Published August 1, 1999
Fred Barnes, writing in The Weekly Standard, tells us that he doesn’t go to the movies anymore, partly because he has got out of the habit and partly because they start too late or too early but mainly because of the left-wing bias of most of the thrillers. “In most thrillers it’s some conspiratorial right-wing group or religious sect or business mogul who’s to blame for whatever bad occurs,” he writes. Nowadays, however, more than any of these the villain is likely to be a military man. In Chill Factor, for example, the bad guy is the renegade Army Major Andrew Brenner (Peter Firth), driven mad by the American military’s unconcern with civilian casualties in Vietnam and then wrongfully imprisoned, as part of a Pentagon cover-up, for the deaths of 18 men in an experiment with a new explosive that goes horribly awry.
His bad experience with the U.S. armed forces causes him to decide, when he is released after spending ten years in Leavenworth, to take to take a terrible revenge. Instantly provided, we know not whence, with big and ruthless soldiers and lots of equipment, he effortlessly defeats the security at the military laboratory where the experimental explosive—which is code-named Elvis and has the curious property of exploding if its temperature rises above 50 degrees Fahrenheit—is kept, intending to steal it and sell it to terrorists. But what all the might of the U.S. government cannot keep safe, soon finds its way into the possession of a couple of ne’er-do-well young men with an ice cream truck. Can they keep the explosive out of the hands of terrorists and at the same time keep it cool enough that it doesn’t blow them up?
As you might expect from a movie that amounts to Speed meeting The Rock, the result is a catastrophic. The loco major’s gung-ho soldiers and sophisticated equipment prove no match for the two kids, a not-terribly-bright all-night convenience-store clerk called Tim Mason (Skeet Ulrich) and a disgruntled employee of the ice cream company called Arlo (Cuba Gooding Jr.) who has stolen the truck in retaliation for not getting promoted. But Arlo is really just a classic black sidekick, the funny man to Mason’s wounded innocent. For like Childe Harold, or Manfred, or Werther, Tim has got a Secret Sorrow. It is that, as a college football player, he went out to celebrate when a teammate got chosen in the NFL draft and was driving home when there was an accident that caused an injury to the would-be pro quarterback. Now he “will never throw a ball in the NFL.” Tim, devastated, “couldn’t handle it; so I split.”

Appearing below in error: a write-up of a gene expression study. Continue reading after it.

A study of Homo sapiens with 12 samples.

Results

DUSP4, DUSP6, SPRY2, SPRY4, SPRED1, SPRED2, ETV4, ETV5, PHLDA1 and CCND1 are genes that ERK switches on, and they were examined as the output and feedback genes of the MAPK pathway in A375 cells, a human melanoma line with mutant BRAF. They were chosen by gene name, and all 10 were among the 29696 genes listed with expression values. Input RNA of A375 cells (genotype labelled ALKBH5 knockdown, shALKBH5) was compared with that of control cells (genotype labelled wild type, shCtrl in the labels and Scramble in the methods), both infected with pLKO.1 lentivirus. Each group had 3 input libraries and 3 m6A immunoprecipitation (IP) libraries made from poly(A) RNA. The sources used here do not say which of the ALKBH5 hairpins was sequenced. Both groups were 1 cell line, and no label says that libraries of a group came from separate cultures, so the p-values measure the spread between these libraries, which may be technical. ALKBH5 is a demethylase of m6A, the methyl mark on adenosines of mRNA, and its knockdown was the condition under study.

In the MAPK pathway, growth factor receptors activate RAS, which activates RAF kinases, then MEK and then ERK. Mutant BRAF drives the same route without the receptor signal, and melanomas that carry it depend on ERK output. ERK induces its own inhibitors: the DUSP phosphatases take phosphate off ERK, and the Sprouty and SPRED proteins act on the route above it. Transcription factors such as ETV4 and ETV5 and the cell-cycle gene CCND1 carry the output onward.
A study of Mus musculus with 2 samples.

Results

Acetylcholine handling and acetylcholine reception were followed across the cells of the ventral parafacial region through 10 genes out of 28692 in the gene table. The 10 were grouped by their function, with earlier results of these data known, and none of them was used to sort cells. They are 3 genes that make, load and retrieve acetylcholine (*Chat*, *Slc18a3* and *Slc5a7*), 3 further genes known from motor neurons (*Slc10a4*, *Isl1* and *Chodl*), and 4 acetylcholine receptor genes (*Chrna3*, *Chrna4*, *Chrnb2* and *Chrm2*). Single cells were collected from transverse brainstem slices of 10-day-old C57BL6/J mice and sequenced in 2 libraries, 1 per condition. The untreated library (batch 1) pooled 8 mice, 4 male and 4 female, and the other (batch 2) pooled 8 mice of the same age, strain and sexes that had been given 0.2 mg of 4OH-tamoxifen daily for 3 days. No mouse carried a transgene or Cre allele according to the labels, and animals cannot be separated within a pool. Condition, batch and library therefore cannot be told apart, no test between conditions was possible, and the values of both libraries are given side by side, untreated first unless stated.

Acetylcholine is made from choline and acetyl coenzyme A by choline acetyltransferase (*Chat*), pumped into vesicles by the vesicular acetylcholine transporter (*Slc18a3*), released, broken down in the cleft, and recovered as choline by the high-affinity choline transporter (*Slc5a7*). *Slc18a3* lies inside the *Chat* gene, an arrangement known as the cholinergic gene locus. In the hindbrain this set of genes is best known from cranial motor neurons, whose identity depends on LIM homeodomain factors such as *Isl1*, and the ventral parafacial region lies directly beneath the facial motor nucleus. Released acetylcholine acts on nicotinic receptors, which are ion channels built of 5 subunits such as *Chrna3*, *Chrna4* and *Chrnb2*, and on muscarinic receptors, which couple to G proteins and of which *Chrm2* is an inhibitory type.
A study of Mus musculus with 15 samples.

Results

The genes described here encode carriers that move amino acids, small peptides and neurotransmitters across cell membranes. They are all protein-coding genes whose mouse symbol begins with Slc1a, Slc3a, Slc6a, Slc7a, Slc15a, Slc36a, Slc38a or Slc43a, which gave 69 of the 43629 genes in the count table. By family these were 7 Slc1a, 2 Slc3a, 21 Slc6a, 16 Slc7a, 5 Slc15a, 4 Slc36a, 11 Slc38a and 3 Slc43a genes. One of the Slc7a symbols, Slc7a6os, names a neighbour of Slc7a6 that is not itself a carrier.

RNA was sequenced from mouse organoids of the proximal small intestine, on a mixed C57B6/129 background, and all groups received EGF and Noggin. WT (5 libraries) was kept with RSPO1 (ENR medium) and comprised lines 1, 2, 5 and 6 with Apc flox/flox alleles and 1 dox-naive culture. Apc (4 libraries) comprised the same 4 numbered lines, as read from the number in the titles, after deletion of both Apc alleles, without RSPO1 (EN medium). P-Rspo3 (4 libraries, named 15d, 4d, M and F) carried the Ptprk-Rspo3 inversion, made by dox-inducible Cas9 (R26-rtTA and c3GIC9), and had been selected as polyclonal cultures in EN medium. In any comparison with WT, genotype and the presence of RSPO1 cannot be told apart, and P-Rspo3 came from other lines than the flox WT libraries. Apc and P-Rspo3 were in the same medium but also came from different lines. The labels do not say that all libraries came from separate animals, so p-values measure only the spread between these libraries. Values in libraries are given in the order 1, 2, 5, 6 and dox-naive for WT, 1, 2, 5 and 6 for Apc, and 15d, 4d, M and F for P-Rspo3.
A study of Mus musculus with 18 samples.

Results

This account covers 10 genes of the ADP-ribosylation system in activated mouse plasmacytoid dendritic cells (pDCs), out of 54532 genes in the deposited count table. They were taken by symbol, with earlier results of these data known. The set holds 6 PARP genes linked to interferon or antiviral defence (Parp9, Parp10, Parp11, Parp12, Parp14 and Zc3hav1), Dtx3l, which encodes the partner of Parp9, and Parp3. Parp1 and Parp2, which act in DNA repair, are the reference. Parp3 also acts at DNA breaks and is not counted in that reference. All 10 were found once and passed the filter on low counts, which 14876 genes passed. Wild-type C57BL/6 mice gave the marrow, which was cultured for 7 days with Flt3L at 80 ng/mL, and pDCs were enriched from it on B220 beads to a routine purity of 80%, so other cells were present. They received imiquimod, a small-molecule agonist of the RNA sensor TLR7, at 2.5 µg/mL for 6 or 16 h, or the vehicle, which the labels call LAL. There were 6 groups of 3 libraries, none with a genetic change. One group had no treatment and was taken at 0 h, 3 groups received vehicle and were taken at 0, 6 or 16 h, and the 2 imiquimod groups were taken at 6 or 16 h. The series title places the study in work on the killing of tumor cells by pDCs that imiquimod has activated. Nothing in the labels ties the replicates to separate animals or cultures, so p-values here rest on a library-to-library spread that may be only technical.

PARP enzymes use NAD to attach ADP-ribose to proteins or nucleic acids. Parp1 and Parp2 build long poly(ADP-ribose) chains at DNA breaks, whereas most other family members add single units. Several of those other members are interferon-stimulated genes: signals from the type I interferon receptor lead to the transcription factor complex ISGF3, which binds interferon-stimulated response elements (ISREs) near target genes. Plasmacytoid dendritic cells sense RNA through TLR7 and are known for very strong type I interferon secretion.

Now, in the wilds of Montana, he is working the night-shift in the all-night convenience store cum café and annoying the local fuzz by being picked up for vagrancy (can they still do that?). Poor Tim! He forms a bond, naturally, with Dr. Richard Long (David Paymer), a scientist at the local Army research institute, with whom he shares not only a passion for fly-fishing but also a Secret Sorrow. The doc’s Secret Sorrow is of course that he developed Elvis, the explosive that must be kept on ice, and so incinerated Maj Brenner’s men.”I never close my eyes without seeing those 18 guys,” he tells the major, shortly before the major shoots him.
At one level, the level at which it appeals to a mass audience, the movie is just a high-concept thriller, and there is a certain amount of excitement generated by this pursuit—though not as much as you might think. After Speed, in which the similar high-concept was that the bomb would go off if the bus’s speed dropped below 50 miles per hour (couldn’t they at least have made the number of degrees different, or counted them in Centigrade measure, like real scientists?), it is hard not to regard the device as too hokey and arbitrary. But what we are left to wonder is what is the point of including Mason’s Secret Sorrow. Or Long’s either, for that matter.
The answer is that the Secret Sorrow is for both of them a kind of fashion accessory, the guarantee of their cool and thus the mark that we are to sympathize with them. For it is made clear to us that their sacrifice and the risks they are prepared to run for their country are not in themselves to be counted on to generate enough sympathy for them. Their country is ungrateful for them in any case, just as it was to Major Brenner. So instead they have to be given, as Bill Clinton recently was by his obliging wife, a history of hidden (but, obviously, not too hidden) suffering in order to attest to their charming vulnerability—which is what the cool pose always masks. But, unlike Elvis, the cooler this movie gets, the more it becomes a disaster area.